Handcuffed Hands Vector Illustration
Life on the lam is pretty boring. I should know. I spent a year of my life hiding from the police. In the suburbs. There were no dramatic middle of the night fleeings, no aliases, and no fabricated backstories. I was simply raising my two kids (#3, #4, and #5 weren’t born yet) and learning how to make a young marriage work. It was easy. Too easy, and I got cocky.
It all came crashing down one Spring afternoon. My family and I were sitting around the house when there was a knock at the door. It was the Fuzz.
There were two of them and they were asking for me. The husband had no choice but to let them in. They said they were going to have to take me in. I was resigned. My husband, on the other hand, was not.
My hero said in a matter-of-fact, cold as ice voice, “You know I’m not gonna let you just take her?” Lord bless him, he was going to defend me, even if all he could hope to accomplish was to get himself tazed, maybe even shot. One of the policemen took a defensive stance. In that instant, I pictured our house on the nightly news, surrounded by reporters, flood lights, the SWAT team, and some schmuck yelling into a megaphone. Luckily, my arresting officers were level-headed.
“Now, sir, there’s nothing to get upset about. We’ll take her and if you follow her and pay the bail, she won’t even have to spend time in a cell,” the upstanding officer explained. My husband, intellect outweighing instinct, stood down. That’s when the kids toddled into the living room.
To say they were excited is an understatement. Kids idolize police officers, even when they’re taking their mother into custody. If they’d been older, they might have admired them all the more for it. As it was, the police officers took pity on me, despite my criminality. While handcuffing me, they graciously offered to cover my handcuffed wrists with a towel, in an effort “not to upset the children.” Suckers.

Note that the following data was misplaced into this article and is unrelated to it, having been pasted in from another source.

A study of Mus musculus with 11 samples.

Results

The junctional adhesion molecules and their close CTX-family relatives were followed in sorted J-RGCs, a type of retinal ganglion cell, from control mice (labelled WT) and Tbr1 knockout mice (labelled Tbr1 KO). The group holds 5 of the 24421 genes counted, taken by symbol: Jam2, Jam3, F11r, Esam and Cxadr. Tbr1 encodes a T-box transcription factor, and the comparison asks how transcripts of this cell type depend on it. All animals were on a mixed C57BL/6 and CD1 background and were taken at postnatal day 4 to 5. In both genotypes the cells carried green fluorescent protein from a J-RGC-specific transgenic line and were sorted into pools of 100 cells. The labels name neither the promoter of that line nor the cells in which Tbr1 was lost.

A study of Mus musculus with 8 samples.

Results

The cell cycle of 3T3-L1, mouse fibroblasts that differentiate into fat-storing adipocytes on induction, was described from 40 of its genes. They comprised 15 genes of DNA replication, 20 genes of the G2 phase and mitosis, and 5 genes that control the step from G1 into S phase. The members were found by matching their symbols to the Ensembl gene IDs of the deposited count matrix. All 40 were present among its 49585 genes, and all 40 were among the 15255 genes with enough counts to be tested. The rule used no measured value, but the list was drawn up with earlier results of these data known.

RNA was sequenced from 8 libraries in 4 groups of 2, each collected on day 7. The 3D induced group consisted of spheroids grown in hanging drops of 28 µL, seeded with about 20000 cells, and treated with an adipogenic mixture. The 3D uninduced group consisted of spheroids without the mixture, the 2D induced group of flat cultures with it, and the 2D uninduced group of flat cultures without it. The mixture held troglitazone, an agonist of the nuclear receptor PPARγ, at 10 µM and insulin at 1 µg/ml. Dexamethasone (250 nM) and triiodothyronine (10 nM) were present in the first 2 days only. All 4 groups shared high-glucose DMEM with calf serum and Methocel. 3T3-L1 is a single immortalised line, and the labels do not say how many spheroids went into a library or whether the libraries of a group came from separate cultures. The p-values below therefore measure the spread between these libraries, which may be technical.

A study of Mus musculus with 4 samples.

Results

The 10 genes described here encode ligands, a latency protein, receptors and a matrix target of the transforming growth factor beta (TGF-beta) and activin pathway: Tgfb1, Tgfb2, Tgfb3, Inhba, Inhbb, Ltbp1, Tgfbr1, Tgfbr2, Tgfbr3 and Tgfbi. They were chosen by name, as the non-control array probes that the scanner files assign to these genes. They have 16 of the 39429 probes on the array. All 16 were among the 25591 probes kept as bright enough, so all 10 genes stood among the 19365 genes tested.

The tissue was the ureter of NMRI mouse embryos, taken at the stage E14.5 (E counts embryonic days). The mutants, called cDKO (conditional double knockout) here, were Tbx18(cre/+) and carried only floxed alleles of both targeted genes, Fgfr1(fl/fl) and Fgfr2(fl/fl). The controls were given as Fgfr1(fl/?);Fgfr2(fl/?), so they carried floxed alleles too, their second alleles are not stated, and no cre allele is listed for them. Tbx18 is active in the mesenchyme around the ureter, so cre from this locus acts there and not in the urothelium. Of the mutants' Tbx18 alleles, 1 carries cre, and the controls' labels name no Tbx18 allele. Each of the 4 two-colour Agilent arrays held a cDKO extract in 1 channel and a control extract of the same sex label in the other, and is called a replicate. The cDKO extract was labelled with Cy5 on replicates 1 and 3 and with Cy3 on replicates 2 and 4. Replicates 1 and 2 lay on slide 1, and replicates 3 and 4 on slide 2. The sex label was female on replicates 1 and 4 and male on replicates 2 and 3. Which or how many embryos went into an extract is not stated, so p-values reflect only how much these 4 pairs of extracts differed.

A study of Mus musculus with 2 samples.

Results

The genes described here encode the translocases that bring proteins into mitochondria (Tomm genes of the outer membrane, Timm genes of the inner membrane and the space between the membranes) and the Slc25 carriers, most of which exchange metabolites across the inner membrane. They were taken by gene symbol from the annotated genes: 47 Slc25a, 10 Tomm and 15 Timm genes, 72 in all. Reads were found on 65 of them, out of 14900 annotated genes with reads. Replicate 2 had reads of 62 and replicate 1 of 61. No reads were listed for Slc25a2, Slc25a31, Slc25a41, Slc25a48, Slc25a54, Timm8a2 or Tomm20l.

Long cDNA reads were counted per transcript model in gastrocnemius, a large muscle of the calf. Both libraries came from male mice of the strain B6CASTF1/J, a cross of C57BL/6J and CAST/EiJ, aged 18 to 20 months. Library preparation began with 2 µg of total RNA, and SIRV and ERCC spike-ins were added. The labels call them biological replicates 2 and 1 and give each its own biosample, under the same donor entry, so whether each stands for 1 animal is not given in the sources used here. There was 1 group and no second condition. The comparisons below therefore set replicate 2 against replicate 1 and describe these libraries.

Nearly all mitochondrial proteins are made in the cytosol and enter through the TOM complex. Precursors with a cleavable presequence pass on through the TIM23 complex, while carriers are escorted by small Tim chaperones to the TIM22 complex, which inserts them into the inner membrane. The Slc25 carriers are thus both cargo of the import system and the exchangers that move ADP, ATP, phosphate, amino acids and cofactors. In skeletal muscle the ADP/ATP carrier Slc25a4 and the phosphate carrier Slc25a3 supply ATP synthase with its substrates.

I was handcuffed and stuffed in the back of the police cruiser. The back of a police car is amazingly small and I was less than comfortable on the long ride downtown. En route to the station, the officers kept glancing in the rear view mirror to watch me. What they were looking for, I’m not sure. My head bashing against the plexiglass partition? Kicking and screaming? Maybe. More than likely they were expecting me to cry. Once again, they grossly underestimated the criminal housewife. I was trying not to laugh. The corners of my mouth twitched and I felt a giggle bubbling dangerously to the surface. Hardened criminal that I was, I suppressed it.
We finally arrived downtown and the officers escorted me into the building. I was sorely disappointed. I was expecting a cacophony of ringing telephones, clacking typewriters, and protesting prostitutes. What I got was a perfectly respectable office space, complete with comfortable chairs and hushed voices.
I was put in a chair outside the secretary’s office to wait for the husband to deliver the money. The secretary glanced my way and leaned over to one of my police officers and said in a gossipy, stage whisper, “What did she do?”
The officer glanced my way and said in an equally loud and conspiratorial whisper, “Unpaid Speeding ticket.”
That’s right. I was taken from my home in handcuffs because I didn’t pay a speeding ticket I’d gotten a year before while on vacation. Why didn’t I pay it? I couldn’t afford to. Months went by and then I just forgot about it. Not very responsible of me but, at that time, the $350 fine might as well have been $8 million. We were newly married, broke, and had two kids.
The best part of the whole situation was that I told them when and where to find me. A couple of days before, I got an automated message asking when would be the best time to contact me. I pushed the appropriate button (option #2, I believe) because I hadn’t an inkling what it could be about, not being a habitual law-breaker. It was one of those “stupid criminal” moments. I wonder how many other poor schmoes they’ve caught that way.
The situation was made even more ridiculous by the fact that I’m almost 100% sure our next door neighbor sold pot. If I’d have been more savvy, maybe I could’ve cut a deal.
And I absolutely did not cry. I really did have to suppress laughter as I thought about someone I knew seeing me in the back of that police car. I’m law-abiding and straight-laced as they come. I’m pretty sure most of my friends have never been handcuffed in the back of a police car. Too bad for them. It makes for a great story.